Contact: Joe Mullin, Assistant Manager, Northeastern States
- On February 24, the Vermont Senate Committee on Natural Resources and Energy convened for a virtual public hearing on S. 281 – legislation that would eliminate the use of dogs while pursuing coyotes.
- This bill was a last-minute addition to the Committee’s public hearing agenda and was planned to receive a vote the following day.
- On February 25, the Committee then announced that it would be reviewing new versions of the bill that had yet-to-be introduced, asking the sporting community to provide comments on S. 281 before reviewing the new text.
- The Committee ultimately decided to allow its members to review the updated language and prepare for a vote at 10:15 a.m. EST on March 8.
- Congressional Sportsmen’s Foundation’s (CSF) staff testified against this bill during a public forum on February 10 and submitted a letter of opposition to the Committee.
Why it Matters: Without question, fish and wildlife management authority should and must remain within the respective state agency’s purview. They are unequivocally the best entities equipped to address fish and wildlife management issues within their respective borders. Recent efforts in the northeast region, such as S. 281, have been made to undermine this authority, posing a serious threat to the future of state-based scientific fish and wildlife management, as well as hunting, fishing, and trapping.
On February 25, the Vermont Senate Committee on Natural Resources and Energy convened for what was set to be a vote on S. 281 – a bill that would prohibit sportsmen and women from pursuing coyotes “with the aid of dogs, either for the training of dogs or for the taking of coyote;” however, the introduction of last-minute, amended versions of the bill, caused further discussion. The new language would compel the Vermont Fish and Wildlife Department (Department) to report back to the Committee on draft legislation that would require dogs to be “in the control of the person” while pursuing coyotes while excluding the “use of radio collars, telemetry collars, GPS collars, or similar collars that locate or track dogs as a method of complying with the control requirements.”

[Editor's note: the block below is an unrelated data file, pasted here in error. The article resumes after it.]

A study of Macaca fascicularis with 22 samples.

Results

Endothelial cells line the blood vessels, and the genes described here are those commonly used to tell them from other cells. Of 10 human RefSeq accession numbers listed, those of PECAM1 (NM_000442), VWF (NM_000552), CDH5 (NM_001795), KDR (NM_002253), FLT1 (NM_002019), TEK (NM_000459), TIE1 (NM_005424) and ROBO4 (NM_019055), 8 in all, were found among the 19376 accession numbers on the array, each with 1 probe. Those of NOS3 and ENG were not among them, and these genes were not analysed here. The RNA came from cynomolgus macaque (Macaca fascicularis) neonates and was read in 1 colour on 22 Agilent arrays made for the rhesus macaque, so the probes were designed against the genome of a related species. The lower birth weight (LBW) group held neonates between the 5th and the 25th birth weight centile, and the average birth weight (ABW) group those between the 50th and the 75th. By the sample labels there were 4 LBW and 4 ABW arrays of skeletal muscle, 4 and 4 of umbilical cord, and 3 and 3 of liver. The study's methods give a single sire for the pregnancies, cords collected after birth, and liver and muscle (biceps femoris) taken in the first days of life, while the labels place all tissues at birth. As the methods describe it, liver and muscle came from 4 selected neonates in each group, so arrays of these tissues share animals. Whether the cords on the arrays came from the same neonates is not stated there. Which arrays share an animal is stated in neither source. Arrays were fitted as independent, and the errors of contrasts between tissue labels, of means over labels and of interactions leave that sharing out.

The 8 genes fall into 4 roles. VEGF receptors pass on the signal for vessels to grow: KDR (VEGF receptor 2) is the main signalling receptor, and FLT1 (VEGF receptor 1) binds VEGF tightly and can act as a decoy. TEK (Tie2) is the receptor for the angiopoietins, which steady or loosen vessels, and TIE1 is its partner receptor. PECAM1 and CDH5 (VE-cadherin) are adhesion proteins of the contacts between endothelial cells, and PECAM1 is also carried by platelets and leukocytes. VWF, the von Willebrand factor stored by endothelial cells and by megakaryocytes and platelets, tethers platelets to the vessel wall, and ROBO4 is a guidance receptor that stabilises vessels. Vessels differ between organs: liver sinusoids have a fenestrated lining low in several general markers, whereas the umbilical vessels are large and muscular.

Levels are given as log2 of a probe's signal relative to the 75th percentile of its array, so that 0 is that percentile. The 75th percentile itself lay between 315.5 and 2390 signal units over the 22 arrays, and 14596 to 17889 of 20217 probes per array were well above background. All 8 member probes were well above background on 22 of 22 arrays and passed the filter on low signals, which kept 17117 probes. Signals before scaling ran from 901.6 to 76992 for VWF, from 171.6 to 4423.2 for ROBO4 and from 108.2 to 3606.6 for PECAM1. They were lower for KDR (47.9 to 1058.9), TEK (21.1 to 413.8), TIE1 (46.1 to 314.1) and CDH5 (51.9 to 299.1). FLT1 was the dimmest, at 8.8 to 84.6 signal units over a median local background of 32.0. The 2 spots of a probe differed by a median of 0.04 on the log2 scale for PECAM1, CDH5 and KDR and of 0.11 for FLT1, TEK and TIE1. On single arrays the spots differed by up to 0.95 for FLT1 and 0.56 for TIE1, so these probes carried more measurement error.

The Vermont Federation of Sportsmen’s Clubs stood for the Green Mountain State’s hunting community and addressed significant concerns with S. 281, and the ramifications it would have on the state’s sporting community. Despite hosting a public hearing on the previous version of the bill the day prior, the Committee reviewed the new text and set a path forward for voting on March 8.
State fish and wildlife agencies have long been recognized as the primary and most well-equipped managers of public trust fish and wildlife resources in the United States. By legislatively dictating a wildlife management decision, S. 281 flies directly in the face of what makes the Vermont Fish and Wildlife Department so effective. The Department is in the best position to make sound, science-based management decisions and is the driving force behind Vermont’s on-the-ground efforts that have resulted in burgeoning wildlife populations. It is equipped with a force of highly-educated and widely-experienced staff, which includes a legion of biologists, policy experts, and support and enforcement personnel – all of whom have instrumental roles in determining appropriate hunting methods.
CSF will continue to oppose restrictive, anti-sportsmen’s policies, such as S. 281, wherever they may arise. Additional updates will be provided as they are made available.